Many environmentally concerned Christians use Scripture as a guide for ecological action, as is proper. Sometimes, however, they misunderstand the texts. Retranslation of Genesis 2:15 is one way a properly biblical view of the humanity-creation relationship has been obscured, even by use of Scripture itself.
Traditionally Bible scholars have understood Genesis 2:15 to show Adam’s vocation in Eden to work in the Garden for his own benefit and God’s glory. The most common translation reads: “The Lord God took the man and put him into the Garden of Eden to work it and keep it.”
More recently, two divergent interpretations have arisen: first, Adam (and with him the rest of mankind) was intended primarily to worship in the Garden of Eden and not mainly to cultivate it; second, God charged Adam with serving and protecting the earth to keep it in a pristine state.
That humanity’s main function in Eden was to participate in ceremonial worship is a concept with roots in Jewish paraphrases of the Old Testament. Several rabbis interpreted Genesis 2:15 as saying Adam’s role was to “worship God and obey the Law.”
This paraphrase seems to work because it emphasizes the central role of the Law for all people, including Adam, and uses legitimate translations of the Hebrew verbs in Genesis 2:15. However, it reads an anachronistic, formal Law into the Genesis account, beyond the moral law written on the human heart (Romans 2:15).
This view, though disputed within rabbinic tradition, was adopted and modified by two twentieth-century Protestant Old Testament scholars, Umberto Cassuto and John Sailhamer. They propose to translate Genesis 2:15: “The Lord God took the man and put him in the Garden of Eden to worship and obey.” But there are three significant problems with this translation—one grammatical, one lexical, and one more broadly interpretative.
First, grammatically, the translation ignores the fact that each verb has a suffix stating that the verb acts on something. For Cassuto and Sailhamer’s view to be correct, the suffix at least for the first verb if not for both would have to denote God. But both suffixes are feminine, making that highly unlikely, if not impossible. The more likely object of the verbs is garden, which, though usually masculine in Hebrew, is sometimes feminine.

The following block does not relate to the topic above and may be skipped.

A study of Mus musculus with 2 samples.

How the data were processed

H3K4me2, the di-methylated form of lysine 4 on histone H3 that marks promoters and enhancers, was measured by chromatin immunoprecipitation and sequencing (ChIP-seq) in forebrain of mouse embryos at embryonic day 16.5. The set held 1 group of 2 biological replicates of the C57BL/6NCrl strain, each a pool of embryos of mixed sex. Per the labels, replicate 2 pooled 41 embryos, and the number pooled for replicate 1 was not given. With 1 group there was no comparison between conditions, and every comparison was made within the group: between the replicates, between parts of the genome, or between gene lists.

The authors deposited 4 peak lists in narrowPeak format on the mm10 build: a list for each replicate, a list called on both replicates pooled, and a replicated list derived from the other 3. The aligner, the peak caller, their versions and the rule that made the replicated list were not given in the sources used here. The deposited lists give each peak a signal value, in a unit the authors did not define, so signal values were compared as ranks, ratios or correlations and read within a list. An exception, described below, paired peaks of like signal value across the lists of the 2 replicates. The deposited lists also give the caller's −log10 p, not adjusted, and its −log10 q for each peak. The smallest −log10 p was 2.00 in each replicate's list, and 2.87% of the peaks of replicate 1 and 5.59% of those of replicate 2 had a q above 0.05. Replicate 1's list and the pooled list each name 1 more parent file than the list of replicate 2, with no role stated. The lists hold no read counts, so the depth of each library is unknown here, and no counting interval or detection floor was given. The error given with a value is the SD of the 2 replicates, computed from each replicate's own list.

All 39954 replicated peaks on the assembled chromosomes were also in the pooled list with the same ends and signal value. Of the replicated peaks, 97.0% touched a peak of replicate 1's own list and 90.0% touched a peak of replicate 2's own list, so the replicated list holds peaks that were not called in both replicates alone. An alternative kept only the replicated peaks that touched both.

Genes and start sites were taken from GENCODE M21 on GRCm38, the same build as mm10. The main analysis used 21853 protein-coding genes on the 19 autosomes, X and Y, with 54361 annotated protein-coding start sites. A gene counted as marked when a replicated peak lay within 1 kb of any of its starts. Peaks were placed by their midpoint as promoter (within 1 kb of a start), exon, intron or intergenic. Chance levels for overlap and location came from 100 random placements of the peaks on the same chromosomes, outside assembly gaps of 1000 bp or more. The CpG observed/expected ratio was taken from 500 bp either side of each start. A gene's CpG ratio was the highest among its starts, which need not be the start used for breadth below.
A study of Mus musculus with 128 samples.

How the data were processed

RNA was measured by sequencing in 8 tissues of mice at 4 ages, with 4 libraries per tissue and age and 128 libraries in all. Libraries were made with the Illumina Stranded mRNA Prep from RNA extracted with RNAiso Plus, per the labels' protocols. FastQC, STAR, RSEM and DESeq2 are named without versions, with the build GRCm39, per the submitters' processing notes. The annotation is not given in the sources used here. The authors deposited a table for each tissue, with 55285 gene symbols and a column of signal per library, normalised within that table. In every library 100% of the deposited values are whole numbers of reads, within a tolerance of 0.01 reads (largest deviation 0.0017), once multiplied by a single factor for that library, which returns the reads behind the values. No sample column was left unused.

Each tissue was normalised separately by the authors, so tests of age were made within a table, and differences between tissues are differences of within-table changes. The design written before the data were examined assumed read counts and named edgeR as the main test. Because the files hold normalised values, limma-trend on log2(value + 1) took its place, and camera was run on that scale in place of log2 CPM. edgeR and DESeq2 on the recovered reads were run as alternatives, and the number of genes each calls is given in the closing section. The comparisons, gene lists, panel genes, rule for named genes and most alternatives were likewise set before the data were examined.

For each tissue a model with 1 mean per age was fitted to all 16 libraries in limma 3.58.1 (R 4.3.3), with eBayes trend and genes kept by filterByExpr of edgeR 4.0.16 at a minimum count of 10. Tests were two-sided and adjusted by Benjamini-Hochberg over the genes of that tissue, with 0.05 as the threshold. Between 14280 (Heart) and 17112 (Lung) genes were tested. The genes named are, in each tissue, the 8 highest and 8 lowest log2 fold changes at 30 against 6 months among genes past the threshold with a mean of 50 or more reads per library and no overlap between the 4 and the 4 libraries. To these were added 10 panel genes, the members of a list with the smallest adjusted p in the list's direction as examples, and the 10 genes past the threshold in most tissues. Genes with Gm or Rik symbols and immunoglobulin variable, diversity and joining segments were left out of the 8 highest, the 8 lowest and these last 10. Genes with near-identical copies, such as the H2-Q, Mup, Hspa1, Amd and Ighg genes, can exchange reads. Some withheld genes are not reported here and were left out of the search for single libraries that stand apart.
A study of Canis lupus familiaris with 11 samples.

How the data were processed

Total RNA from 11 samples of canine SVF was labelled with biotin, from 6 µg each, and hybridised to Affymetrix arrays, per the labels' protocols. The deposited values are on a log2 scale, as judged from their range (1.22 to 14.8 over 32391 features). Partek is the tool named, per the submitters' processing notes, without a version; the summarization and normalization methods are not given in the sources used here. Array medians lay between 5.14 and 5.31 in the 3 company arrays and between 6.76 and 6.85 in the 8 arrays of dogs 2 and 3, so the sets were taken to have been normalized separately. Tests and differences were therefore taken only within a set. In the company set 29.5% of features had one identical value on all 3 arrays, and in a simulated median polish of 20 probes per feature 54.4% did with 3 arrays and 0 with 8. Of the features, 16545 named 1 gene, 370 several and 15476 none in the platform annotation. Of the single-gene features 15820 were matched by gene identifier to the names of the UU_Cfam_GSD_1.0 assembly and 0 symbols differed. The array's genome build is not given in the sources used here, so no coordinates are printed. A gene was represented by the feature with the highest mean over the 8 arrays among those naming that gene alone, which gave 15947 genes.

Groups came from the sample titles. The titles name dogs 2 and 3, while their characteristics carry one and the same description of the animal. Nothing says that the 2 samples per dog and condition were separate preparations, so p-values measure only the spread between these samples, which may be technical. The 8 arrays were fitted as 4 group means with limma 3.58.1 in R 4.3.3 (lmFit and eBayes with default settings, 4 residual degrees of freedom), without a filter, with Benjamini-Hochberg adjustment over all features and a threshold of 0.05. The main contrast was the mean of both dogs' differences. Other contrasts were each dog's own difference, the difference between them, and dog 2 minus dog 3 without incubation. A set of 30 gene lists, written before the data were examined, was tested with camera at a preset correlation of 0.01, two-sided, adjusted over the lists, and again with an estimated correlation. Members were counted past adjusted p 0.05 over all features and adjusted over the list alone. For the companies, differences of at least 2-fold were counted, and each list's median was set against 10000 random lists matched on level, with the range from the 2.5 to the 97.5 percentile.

Second, the word translated worship, according to Cassuto and Sailhamer, is typically translated in an agricultural sense in context with nouns like garden, vineyard, or earth, much as it is in Genesis 2:5 and 3:23.
Third, minimizing the concept of work in the Garden undermines the humanity-creation relationship in a way that marginalizes God’s design for Adam to subdue and rule the earth (Genesis 1:28).
The second and more popular divergent translation of Genesis 2:15 asserts an eco-theological view. This view has been popularized by scholars who view people as primarily intended to serve creation. According to this view, Genesis 2:15 should read: “The Lord God took the man and put him in the Garden of Eden to serve and protect it.”
“Serve and protect” are both possible meanings of the Hebrew words in Genesis 2:15. However, they are not primary meanings, particularly in such a clearly agricultural context. Supporters of this translation tend to interpret the text according to their desired theology rather than construct their theology on the basis of the text. Viewing human dominion as inherently negative and contrary to the divinely intended humanity-creation relationship, they argue that man was designed to “serve” the creation and “protect” it by keeping it in a pristine state.
This view is becoming more popular among some evangelicals, but it is not supported by the text. There are two major problems with it: (1) It inverts the master and servant roles in the humanity-creation relationship. (2) It minimizes the dominion function for which God designed man. This reading of Genesis 2:15 harmonizes well with the environmental movement, but not with biblical Christianity.
The agricultural translation of Genesis 2:15 remains the best option. A major theme of Genesis 1–3 is man’s relationship with the earth, into which the idea of working and keeping the Garden clearly fits. That the overwhelming number of translations throughout history supports this view makes an alternative translation highly suspect.